The Kindest Thing A Friend Ever Said To Me

The time she baked me a cake.
My best friend is a great listener. To be friends with me this past thirty-seven years, she’d have to be. I can be a bit of a windbag. I’m owning it.
Unlike me who sometimes spits out words without tasting them first, she chooses her words carefully.
She gets why I worry about my special girl. And she knows I’ve struggled to come to terms with the realities of having a child with special needs. She understands how the life I imagined for myself is both exactly and not at all what I had expected.
As we sat in her garden, sipping wine, I told her about a family I met several years ago whose daughter then, reminds me so much of my daughter now.
My Avery was just a toddler when I met this family at an activity group for kids with a variety of special needs. The girl was about nine—the age Avery is now.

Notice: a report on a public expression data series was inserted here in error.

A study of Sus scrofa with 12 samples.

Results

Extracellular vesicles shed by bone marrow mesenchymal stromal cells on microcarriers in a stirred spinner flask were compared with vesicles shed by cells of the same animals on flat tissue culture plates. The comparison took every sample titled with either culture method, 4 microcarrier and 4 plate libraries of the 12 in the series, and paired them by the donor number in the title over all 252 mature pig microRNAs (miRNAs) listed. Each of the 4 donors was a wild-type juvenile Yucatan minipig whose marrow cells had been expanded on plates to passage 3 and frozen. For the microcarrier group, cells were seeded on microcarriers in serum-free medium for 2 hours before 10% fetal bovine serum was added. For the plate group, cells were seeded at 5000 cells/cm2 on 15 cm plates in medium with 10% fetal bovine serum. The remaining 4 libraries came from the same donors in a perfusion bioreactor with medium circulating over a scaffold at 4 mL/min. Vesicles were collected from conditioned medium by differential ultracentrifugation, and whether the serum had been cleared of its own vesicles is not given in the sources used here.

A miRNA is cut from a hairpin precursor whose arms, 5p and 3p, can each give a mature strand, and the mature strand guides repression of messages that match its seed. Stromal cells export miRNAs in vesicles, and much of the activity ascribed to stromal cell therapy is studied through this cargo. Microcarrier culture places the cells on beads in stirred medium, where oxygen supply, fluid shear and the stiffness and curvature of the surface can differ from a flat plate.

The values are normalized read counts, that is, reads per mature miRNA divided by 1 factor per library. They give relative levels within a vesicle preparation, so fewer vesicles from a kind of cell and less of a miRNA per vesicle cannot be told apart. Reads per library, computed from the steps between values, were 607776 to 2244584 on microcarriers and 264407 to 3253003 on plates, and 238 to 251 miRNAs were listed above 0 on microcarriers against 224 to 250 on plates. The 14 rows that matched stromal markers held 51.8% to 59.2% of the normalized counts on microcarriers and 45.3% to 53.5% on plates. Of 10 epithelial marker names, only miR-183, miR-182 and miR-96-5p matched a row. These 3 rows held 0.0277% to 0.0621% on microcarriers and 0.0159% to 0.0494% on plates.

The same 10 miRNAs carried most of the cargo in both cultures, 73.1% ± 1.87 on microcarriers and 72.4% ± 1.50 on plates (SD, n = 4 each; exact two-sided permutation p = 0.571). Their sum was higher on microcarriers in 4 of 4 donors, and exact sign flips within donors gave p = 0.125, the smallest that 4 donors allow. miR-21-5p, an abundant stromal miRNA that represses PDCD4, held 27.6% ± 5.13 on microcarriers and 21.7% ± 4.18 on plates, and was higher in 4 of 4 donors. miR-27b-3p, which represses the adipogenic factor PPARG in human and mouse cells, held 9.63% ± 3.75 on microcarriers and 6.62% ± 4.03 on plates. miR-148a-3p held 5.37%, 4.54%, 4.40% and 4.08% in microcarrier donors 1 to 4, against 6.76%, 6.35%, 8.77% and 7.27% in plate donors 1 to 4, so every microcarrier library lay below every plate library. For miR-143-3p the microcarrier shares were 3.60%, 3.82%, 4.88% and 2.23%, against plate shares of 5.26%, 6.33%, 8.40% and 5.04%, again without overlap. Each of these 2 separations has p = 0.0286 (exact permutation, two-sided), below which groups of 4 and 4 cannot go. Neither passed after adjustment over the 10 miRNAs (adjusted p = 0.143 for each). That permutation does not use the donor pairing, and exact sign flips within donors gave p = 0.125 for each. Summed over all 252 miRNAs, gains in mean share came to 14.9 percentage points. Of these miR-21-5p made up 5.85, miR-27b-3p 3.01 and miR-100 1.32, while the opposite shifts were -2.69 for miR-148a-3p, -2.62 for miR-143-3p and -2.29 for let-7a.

She, like Avery, didn’t have any dysmorphic features. At first glance, she appeared pretty typical. It was when she spoke that the disparity between her chronological and developmental age was apparent. She was extremely affectionate. “Ooooooh, she’s soooooo cute.” she repeated over and over every time she met Avery. She was gentle and sweet and very friendly.

I was curious about her diagnosis, but I never asked. I watched her carefully and hopefully. “She was such a happy kid,” I told my friend.

But more significantly, I observed her parents. “Every week I watched how they interacted with their daughter and their older child. They were always so genuinely happy and relaxed, having fun, and full of love.”

She listened as I told her about this family who unknowingly blazed a trail for me. And then she said, “But that’s EXACTLY what I see when I look at you and your family.”

She could see how much those words meant to me in that moment, but I wonder if she knows that on bad days—the days when I worry too much or look too far ahead—that I replay those words in my head and they make me feel more sure of myself as Avery’s mom.